Public schools can address Canada’s child-care deserts

Craig Alexander | The Globe and Mail, January 17, 2024

Excerpt: "There have been troubling developments on the child care and youth skills front. First, the share of children in care has fallen despite Ottawa reaching Canada-wide Early Learning and Child Care agreements with all provinces and territories.

One can understand that shifting toward $10-a-day child care would increase demand that could, at least temporarily, exceed supply, but it shouldn’t lead to a lower percentage of children in care. Second, we had news that youth literacy and math skills continue their multidecade retreat from the level achieved in 2000, as measured by the Programme for International Student Assessment. Both trends need to be reversed.

Early learning and child care (ELCC) delivered through expanded school junior kindergarten programs at earlier ages should be part of the solution, yet this option is given little attention. The reason is related to Canada’s division of responsibilities between the federal government and the provinces, with education being in the provincial domain but the federal government having more financial capacity.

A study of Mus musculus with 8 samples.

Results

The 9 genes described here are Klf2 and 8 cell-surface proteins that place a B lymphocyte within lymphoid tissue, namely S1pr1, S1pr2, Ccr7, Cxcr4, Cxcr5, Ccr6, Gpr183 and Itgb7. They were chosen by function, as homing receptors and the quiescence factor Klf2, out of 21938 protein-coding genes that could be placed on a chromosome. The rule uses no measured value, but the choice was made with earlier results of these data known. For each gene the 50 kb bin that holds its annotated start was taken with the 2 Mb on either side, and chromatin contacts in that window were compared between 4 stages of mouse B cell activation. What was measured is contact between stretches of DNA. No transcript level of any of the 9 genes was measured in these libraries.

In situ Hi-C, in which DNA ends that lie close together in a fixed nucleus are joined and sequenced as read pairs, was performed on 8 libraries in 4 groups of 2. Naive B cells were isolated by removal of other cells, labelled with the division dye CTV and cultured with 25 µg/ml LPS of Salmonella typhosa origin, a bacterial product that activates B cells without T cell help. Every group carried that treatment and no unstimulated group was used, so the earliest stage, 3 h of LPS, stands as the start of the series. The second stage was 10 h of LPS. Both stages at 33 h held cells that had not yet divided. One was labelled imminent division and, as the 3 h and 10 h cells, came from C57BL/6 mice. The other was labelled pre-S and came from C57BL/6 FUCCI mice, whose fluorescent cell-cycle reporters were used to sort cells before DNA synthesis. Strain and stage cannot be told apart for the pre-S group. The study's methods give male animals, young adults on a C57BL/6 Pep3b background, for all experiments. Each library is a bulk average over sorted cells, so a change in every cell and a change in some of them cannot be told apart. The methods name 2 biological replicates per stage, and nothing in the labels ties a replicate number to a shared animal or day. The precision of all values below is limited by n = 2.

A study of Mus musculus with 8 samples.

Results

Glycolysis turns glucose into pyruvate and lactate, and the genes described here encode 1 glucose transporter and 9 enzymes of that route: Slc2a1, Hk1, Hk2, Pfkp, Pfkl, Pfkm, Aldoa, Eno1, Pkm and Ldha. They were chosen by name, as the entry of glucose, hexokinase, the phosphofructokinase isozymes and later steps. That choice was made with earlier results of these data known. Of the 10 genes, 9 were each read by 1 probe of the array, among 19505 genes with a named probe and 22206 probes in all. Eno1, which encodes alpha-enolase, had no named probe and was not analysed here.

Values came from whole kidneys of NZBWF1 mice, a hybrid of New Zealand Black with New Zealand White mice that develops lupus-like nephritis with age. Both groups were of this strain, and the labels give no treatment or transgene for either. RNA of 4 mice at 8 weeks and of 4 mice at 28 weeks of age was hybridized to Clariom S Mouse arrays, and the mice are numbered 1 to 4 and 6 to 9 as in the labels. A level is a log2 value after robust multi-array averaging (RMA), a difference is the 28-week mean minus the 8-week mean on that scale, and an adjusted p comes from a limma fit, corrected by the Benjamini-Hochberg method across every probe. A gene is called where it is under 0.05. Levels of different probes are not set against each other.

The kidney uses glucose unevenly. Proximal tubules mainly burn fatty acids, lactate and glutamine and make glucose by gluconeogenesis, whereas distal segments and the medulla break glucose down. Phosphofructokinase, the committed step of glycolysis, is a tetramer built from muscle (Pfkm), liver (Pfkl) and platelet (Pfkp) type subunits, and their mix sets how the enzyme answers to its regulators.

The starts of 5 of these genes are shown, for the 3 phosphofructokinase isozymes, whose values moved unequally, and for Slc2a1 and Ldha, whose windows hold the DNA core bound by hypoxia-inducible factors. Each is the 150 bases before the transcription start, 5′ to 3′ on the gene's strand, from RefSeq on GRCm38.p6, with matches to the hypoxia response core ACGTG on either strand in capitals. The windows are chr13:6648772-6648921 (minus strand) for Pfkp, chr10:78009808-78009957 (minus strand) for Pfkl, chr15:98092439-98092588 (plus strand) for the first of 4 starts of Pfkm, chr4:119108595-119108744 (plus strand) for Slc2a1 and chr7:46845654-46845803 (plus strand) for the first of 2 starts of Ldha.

The federal government correctly identified that Canada was underinvesting in child care and that this added major costs to the economy due to lower female labour participation and less child skill development. In response, Ottawa set out to create universal and affordable ELCC with the provincial agreements and Bill C-35, which will provide federal funding so that parents pay just $10 a day for child care. This will raise enrolment predominately at licensed child-care centres.

The problem is that there are large parts of Canada, particularly rural areas, where it will still not be economically viable or attractive to run licensed centres. There is also a risk that licensed centres will favour certain segments of society. There are concerns about the quality of corporate child-care centres. And there will not be enough qualified staff to meet the increase in demand for educators because such positions are unattractive due to low wages and poor benefits.

One solution is to leverage the public school system and its existing infrastructure, which can allow rapid expansion while ensuring a stable work force and quality programs for children.

Schools already exist in every neighbourhood, meaning that expansion of prekindergarten at schools can ensure daytime access to ELCC and help to eliminate the current reality of child-care deserts in large parts of the country.

Public schools cannot turn away children, so they maximize inclusivity and diversity."